Murray learns from slow start

02 August 2012 / 08:16

Andy Murray knows he cannot afford the same slow start he made against Marcos Baghdatis if he is to beat Nicolas Almagro on Thursday and move to within one victory of an Olympic medal.

The third seed had to fight back from a set down against Baghdatis on Wednesday, eventually coming through 4-6 6-1 6-4 to the delight of a raucous Centre Court crowd. Almagro is better known as a clay-court player, and Murray has beaten him in both their previous meetings on fast surfaces, but the 11th seed has had a fine season.

Murray said of their quarter-final clash: "The reason why his ranking has gone into the top 10 is because he's been playing better on the other surfaces this year. He's a tough player. He takes a lot of risks on the court. He doesn't have loads of variation but he can overpower you. I'll need to play well to win. If I serve like I did the last couple of sets, that will help me out a lot."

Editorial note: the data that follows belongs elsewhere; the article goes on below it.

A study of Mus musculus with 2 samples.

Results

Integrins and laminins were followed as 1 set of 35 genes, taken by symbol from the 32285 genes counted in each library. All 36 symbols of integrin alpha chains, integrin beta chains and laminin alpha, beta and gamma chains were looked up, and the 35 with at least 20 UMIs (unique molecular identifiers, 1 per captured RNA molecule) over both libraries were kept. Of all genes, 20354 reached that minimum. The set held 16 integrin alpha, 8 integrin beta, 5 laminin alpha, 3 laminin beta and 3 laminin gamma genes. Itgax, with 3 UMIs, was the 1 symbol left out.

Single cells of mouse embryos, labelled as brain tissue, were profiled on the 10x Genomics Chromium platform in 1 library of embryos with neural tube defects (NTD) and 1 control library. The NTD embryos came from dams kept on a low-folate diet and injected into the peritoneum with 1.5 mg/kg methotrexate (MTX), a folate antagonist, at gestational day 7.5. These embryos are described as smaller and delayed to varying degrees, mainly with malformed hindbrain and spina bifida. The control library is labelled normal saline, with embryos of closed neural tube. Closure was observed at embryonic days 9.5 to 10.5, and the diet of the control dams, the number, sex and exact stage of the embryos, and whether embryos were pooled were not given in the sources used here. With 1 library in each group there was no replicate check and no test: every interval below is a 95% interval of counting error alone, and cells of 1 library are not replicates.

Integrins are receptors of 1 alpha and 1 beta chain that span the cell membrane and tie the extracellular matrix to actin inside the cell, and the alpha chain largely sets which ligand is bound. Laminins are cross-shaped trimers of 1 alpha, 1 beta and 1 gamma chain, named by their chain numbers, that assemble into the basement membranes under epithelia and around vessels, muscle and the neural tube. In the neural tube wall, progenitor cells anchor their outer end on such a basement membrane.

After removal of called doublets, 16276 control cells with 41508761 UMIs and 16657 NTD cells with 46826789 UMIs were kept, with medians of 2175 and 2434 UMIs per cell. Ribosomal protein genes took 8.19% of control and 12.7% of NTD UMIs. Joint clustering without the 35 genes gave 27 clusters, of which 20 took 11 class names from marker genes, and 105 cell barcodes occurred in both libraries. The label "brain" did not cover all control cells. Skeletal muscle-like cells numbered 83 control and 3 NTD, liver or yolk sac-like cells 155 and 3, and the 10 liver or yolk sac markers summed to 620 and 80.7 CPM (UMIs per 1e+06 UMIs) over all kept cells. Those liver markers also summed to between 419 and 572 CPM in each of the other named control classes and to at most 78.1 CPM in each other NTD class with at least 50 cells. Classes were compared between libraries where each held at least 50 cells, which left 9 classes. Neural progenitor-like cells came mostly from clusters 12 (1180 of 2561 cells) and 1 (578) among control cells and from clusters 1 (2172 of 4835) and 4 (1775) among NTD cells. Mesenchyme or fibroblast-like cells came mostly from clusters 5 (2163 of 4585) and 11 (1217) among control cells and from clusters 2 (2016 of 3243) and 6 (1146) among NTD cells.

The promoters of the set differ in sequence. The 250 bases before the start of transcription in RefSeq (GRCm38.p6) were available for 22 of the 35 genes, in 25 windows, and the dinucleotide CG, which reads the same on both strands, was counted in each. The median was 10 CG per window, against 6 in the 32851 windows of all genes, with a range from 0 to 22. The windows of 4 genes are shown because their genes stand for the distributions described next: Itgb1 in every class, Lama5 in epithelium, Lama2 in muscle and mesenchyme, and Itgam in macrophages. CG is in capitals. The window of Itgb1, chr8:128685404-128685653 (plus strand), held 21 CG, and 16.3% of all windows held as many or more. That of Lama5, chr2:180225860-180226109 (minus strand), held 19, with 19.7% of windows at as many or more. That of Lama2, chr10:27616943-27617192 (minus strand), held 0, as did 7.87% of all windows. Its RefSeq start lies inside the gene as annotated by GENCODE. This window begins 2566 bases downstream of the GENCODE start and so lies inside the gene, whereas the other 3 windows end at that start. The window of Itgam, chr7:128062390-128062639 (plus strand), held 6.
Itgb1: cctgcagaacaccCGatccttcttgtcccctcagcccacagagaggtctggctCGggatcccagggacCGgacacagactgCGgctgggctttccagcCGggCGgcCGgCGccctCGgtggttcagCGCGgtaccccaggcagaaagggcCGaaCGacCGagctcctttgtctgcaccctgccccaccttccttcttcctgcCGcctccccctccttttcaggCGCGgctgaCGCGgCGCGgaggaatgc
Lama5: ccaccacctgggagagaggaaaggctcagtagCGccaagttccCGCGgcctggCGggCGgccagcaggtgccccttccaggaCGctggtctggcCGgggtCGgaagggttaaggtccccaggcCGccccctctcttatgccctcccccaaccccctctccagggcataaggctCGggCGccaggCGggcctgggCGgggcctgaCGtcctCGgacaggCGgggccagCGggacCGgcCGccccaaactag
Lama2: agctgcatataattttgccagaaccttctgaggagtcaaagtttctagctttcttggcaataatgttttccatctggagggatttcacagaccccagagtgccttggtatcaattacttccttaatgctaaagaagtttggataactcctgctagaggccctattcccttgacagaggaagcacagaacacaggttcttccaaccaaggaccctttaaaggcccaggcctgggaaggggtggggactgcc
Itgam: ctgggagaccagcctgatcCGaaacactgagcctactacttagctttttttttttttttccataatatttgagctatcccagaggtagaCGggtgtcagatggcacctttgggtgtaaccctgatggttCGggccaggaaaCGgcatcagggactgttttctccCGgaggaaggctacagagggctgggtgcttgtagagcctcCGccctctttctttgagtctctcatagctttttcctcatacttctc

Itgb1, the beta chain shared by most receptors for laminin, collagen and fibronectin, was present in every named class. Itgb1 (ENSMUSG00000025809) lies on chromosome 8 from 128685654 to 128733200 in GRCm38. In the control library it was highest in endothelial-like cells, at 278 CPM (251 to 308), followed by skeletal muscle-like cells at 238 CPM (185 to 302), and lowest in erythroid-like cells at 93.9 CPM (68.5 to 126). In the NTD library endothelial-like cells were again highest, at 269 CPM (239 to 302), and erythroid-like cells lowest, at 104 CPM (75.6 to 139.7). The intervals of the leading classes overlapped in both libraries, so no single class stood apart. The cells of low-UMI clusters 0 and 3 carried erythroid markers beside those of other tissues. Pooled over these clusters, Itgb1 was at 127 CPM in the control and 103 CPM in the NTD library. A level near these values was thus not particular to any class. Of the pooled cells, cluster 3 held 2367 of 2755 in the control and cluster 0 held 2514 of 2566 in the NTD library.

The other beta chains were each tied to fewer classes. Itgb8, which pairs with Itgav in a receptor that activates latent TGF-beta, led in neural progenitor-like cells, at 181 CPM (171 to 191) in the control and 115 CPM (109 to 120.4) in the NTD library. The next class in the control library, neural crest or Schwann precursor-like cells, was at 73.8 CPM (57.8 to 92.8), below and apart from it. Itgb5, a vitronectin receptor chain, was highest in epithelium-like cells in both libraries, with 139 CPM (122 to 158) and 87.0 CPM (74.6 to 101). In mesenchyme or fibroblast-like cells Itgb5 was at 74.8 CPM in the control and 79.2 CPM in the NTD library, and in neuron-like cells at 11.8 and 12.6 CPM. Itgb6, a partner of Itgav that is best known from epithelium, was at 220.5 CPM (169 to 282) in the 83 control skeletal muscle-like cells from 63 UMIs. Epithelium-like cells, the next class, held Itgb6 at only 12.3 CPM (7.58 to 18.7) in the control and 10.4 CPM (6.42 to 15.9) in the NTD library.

Murray admitted the best-of-three-set formula had left him teetering on the brink against Baghdatis, who was much the better player in the first set but dumped an easy forehand into the net in the fourth game of the second set to concede a break that swung the momentum the Scot's way.

He added: "It's challenging because the match can be over quite quickly, especially in windy conditions where you're struggling to time the ball and he's hitting the ball flat and through the court.

"It was a challenge to stay focused. It could have gone the other way if I hadn't started the second set well.

"Guys like Marcos, when he plays his best tennis he's so, so tough to beat. It's obviously easier to keep it up for three sets than it is for five. That's why you can't really afford slow starts. I was lucky to get away with it."

Murray was due to be in action again later in the opening round of the mixed doubles alongside Laura Robson but their clash with Czechs Radek Stepanek and Lucie Hradecka was postponed. It will be played on Thursday evening instead, with Murray taking on Almagro first on Court One and then returning to the same court for the fourth match.

The 25-year-old already had a packed schedule and would now have to play seven matches in four days if he reaches the medal matches in both competitions, potentially even playing three in one day.

Other standout matches today see Roger Federer face John Isner and Novak Djokovic meet Jo-Wilfried Tsonga, while in the women's singles Maria Sharapova will take on Kim Clijsters and Serena Williams faces Caroline Wozniacki.